But then he sets up a whole string of straw men, and doesn’t even manage to knock those down, let alone the points he should have been going after.

I think the significant thing about this book, by reporter Chris Hedges, is that it’s one of several high-profile books out now (Dawkins, et al, preceded it by a little bit) that calls onto the carpet a group of relatively radical religious figures in this country and holds them to account for behavior that looks suspiciously un-American in the sense that it runs counter to Constitutional ideals.

The fact that so much of right-wing America resembles right-wing anywhere-else is not surprising (nor is it a great premise for a book, which is where I might have taken my own review…). You may feel free to pick the right-wing movement of your choice from any point in history to compare with our own right-wing groups — there will be similarities.

According to Wiener’s review, Hedges compares the rise of Christian Fundamentalism in the U.S. to the rise of Nazism and Fascism in Europe in the last century. The analogy is frightening, as it intends to be. We should be cynical and assume that Hedges has a point, but that he’s sexed it up a little for sales reasons. That’s his prerogative, and we should assume that much.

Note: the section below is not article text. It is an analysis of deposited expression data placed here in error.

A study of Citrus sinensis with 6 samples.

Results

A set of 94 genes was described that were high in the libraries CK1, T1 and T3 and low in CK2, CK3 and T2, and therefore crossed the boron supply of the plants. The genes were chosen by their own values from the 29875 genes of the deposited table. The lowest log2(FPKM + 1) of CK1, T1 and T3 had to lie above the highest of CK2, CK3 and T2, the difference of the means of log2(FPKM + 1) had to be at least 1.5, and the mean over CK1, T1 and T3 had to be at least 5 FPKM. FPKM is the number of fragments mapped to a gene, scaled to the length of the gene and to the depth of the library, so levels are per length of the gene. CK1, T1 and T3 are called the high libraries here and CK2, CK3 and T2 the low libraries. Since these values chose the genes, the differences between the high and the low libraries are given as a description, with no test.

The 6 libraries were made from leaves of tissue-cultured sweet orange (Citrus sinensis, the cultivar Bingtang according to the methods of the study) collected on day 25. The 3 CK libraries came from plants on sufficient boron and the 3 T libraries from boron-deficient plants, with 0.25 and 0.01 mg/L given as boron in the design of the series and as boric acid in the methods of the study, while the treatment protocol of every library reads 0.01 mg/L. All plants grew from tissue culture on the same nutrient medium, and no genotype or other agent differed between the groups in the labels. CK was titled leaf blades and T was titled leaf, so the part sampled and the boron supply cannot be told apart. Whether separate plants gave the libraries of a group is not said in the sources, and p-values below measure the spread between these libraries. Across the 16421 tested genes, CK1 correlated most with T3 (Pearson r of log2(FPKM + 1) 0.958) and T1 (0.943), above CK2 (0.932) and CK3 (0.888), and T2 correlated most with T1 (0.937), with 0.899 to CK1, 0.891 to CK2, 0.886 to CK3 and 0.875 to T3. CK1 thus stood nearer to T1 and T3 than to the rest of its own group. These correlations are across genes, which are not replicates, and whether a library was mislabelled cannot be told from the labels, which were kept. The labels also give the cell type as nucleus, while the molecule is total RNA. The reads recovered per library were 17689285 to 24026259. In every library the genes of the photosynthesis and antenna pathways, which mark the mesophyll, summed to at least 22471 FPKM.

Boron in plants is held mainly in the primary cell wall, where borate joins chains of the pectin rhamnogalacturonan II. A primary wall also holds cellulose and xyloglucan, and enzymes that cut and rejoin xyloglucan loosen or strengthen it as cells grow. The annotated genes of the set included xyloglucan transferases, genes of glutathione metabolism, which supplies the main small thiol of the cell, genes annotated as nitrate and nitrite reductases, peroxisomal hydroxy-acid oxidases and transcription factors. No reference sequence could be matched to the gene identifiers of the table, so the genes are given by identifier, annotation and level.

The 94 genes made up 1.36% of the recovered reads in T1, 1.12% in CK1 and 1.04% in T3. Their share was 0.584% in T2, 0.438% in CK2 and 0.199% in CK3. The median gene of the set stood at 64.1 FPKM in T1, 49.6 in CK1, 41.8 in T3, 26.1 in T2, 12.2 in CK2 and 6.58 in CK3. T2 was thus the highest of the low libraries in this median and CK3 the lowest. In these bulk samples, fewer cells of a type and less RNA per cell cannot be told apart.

According to Wiener, however, Hedges is off to a bad start because: “the differences between today’s Christian right and the movements led by Adolf Hitler and Benito Mussolini are greater than the similarities.”

He goes on to show that the methods employed by the Italian fascists were different than those employed by right-wing religous fundamentalists here. And the fact that Hitler was was “more pagan than Christian” is all he needs to deal with that guy.

The problem is, this reading of Hedges’ book implies that the only thing that made Hitler or Mussolini bad was their methods. If only they’d had better methods, it seems to imply, their reigns would have been so much better.

It’s a weak argument. Their methods were bloody, and John Ashcroft’s methods were, at least to the casual observer, less so. But the ideologies behind both the Nazis and the religious fundamentalists from Alabama to Afghanistan are basically dangerous for the same reasons, and in the same ways. It’s not a question of means, but intent.

And what’s really important about Hedges book is that, by luck, mainly, it’s been published in a welcome moment of freedom to debate the issue, rather than the tenor of a few years ago, when a relgious fanatic sat at the top of the Justice Department, and the lines in this country were as blurred as they ever should be.